What can we learn from the concept of the commons for collectively managing natural resources? Notes from PEGASUS’ participation in the IASC Congress 2017


by Anne Maréchal, IEEP

Several members of the PEGASUS team attended and presented papers at the 2017 congress of the International Association of the Study of the Commons (IASC), which took place from 10-14 July 2017 in Utrecht, Netherlands.

The theme of the 2017 IASC congress– ‘Practicing the Commons’ – put an emphasis on the role of practitioners, which strongly resonated with many of us in PEGASUS given our interest in how ‘common pool resources’ can be managed in a collective way and considering that the engagement with practitioners is at the core of the project, especially in the 34 PEGASUS case studies.

The IASC congress provided interesting examples of different types of commons - land or resources managed by a community - their governance and the issues they face in different parts of the world. Commons take various shapes and forms across the world, but their concept as a way of collectively managing natural resources is at threat. Part of this can be explained by the gradual introduction of private property rights which now dominate worldwide. These conflict with common property rights which usually do not define ownership clearly, but govern commoners’ rights (or obligations) to access, exploit or manage a common land or resource. In the EU, few commons are still actively managed by communities, but there are exceptions especially in mountainous and more remote areas (e.g. Scotland, Basque country, Romania, etc.).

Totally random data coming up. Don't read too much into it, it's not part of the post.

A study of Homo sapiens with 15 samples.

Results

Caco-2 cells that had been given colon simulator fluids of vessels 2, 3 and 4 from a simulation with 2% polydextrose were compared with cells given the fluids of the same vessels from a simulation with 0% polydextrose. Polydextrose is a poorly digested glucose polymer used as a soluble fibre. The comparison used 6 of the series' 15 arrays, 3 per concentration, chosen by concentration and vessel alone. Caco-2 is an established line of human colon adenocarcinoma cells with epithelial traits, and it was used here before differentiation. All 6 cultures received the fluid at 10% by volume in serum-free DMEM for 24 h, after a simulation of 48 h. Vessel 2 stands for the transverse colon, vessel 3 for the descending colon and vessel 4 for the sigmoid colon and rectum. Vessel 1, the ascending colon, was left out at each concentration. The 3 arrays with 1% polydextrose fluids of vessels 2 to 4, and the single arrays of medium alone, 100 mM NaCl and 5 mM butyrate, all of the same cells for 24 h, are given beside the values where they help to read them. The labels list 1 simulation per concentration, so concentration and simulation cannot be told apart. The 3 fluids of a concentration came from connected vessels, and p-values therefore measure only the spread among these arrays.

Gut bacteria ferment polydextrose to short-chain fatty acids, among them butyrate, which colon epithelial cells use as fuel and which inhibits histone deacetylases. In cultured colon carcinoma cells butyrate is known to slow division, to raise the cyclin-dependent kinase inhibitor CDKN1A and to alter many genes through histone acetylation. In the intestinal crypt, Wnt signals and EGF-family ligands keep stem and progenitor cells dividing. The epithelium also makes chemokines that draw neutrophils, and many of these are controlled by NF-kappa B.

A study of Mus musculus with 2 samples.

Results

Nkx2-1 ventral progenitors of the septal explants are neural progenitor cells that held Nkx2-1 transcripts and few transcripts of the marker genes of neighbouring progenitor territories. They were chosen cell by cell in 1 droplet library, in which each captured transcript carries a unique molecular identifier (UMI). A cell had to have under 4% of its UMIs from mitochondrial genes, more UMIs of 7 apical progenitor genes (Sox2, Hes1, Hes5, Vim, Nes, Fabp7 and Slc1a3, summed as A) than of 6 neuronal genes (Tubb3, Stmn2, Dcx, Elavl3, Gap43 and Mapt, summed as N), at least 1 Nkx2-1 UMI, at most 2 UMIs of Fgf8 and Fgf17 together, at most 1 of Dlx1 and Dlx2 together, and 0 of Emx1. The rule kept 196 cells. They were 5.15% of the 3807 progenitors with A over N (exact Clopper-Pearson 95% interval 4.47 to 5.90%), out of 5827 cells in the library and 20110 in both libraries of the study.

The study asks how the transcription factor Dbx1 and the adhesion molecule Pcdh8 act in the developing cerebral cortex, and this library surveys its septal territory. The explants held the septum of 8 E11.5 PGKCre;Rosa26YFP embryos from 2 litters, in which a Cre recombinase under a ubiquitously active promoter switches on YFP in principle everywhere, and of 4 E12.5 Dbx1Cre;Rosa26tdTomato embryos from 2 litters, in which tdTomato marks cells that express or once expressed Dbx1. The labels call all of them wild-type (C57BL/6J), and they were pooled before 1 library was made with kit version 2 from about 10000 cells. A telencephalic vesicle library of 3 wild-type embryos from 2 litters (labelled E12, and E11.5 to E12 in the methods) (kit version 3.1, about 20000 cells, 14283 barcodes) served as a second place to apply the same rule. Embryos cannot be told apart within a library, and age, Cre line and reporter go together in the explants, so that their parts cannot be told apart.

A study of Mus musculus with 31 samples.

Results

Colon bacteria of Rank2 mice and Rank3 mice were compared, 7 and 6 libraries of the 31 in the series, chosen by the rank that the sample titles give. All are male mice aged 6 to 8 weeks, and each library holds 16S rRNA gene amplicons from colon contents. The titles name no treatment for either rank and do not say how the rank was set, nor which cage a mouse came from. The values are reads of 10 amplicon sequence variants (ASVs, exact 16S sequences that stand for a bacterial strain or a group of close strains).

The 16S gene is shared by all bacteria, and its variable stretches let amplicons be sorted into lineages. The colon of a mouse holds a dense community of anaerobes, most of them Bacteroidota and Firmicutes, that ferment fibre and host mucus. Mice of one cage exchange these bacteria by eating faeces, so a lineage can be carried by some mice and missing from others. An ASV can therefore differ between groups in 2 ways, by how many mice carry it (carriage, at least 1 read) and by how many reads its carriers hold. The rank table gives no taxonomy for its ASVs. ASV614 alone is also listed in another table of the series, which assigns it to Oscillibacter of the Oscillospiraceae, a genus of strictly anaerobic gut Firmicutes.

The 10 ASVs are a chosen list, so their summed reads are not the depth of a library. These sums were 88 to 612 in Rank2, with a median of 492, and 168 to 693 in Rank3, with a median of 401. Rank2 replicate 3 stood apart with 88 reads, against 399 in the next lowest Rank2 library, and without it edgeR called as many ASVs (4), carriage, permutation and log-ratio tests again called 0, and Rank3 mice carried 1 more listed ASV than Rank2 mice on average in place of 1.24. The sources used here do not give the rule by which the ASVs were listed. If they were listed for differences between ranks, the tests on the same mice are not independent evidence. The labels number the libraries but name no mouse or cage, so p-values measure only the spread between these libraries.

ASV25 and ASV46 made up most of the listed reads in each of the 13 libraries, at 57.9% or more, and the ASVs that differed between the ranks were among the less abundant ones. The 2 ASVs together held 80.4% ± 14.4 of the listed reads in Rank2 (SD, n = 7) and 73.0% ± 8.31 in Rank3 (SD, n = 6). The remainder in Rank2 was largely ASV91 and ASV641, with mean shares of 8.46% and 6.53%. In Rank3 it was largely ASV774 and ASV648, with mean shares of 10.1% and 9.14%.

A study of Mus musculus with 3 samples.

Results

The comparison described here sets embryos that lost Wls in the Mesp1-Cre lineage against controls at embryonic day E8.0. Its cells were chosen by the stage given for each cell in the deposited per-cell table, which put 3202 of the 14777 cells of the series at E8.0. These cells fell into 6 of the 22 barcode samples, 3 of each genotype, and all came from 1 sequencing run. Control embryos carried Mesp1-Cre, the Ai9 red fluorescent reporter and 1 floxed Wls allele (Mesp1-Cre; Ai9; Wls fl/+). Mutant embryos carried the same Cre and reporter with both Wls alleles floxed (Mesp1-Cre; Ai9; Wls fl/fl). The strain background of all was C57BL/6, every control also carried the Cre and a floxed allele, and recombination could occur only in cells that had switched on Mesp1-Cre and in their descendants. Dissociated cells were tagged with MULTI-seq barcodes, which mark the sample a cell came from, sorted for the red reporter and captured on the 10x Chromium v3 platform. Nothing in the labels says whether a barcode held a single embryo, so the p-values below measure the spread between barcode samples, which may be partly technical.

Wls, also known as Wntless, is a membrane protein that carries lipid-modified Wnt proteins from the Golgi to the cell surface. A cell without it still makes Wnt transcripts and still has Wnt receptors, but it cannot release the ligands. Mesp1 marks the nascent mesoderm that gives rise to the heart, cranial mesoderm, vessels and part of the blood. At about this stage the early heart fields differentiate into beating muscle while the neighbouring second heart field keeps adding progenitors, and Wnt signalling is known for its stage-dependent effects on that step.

What are referred to as ‘common pool resources’ overlap conceptually with the notions of public goods and ecosystem services. The governance of commons is highly relevant to PEGASUS as it reminds us of the ways in which local communities have collectively managed their natural resources in sustainable ways for centuries. Lessons can also be drawn on how the transition away from commons have been managed overtime – not always successfully.  Commons that remain have had to adapt to accommodate modern legal frameworks, for example to maintain the principles of collective action, commons’ governance has usually been formalised through the setting-up an association or a cooperative. Locating the IASC 2017 congress in the Netherlands was thus ideal and the field visits provided many examples of successful cooperatives. 

For instance, some of us went to visit a citizens’ cooperative with about 1,000 members whose objective is to achieve a 100% renewable and independent sourcing of energy. The cooperative’s members all invested a fixed amount which collectively enabled them to build 4 wind turbines, on a piece of land rented from the municipality on a long-term contract. The investment should break even after about a decade and start to provide dividends to the cooperative’s members, in addition to a free supply of electricity from a renewable source.

Although PEGASUS does not focus specifically on the management of commons, many of the lessons relating to the governance of commons resonate with some of the early findings from the PEGASUS research, such as the importance of local leaders in establishing collective initiatives or the role policies (in a broad sense) can play to empower rural actors. Other questions were raised such as the legitimacy of some collective actions, the issue of their durability in the long-term, or the trade-off between autonomy and support from local authorities. Many valuable thoughts which the PEGASUS team is eager to explore in the final steps of the project.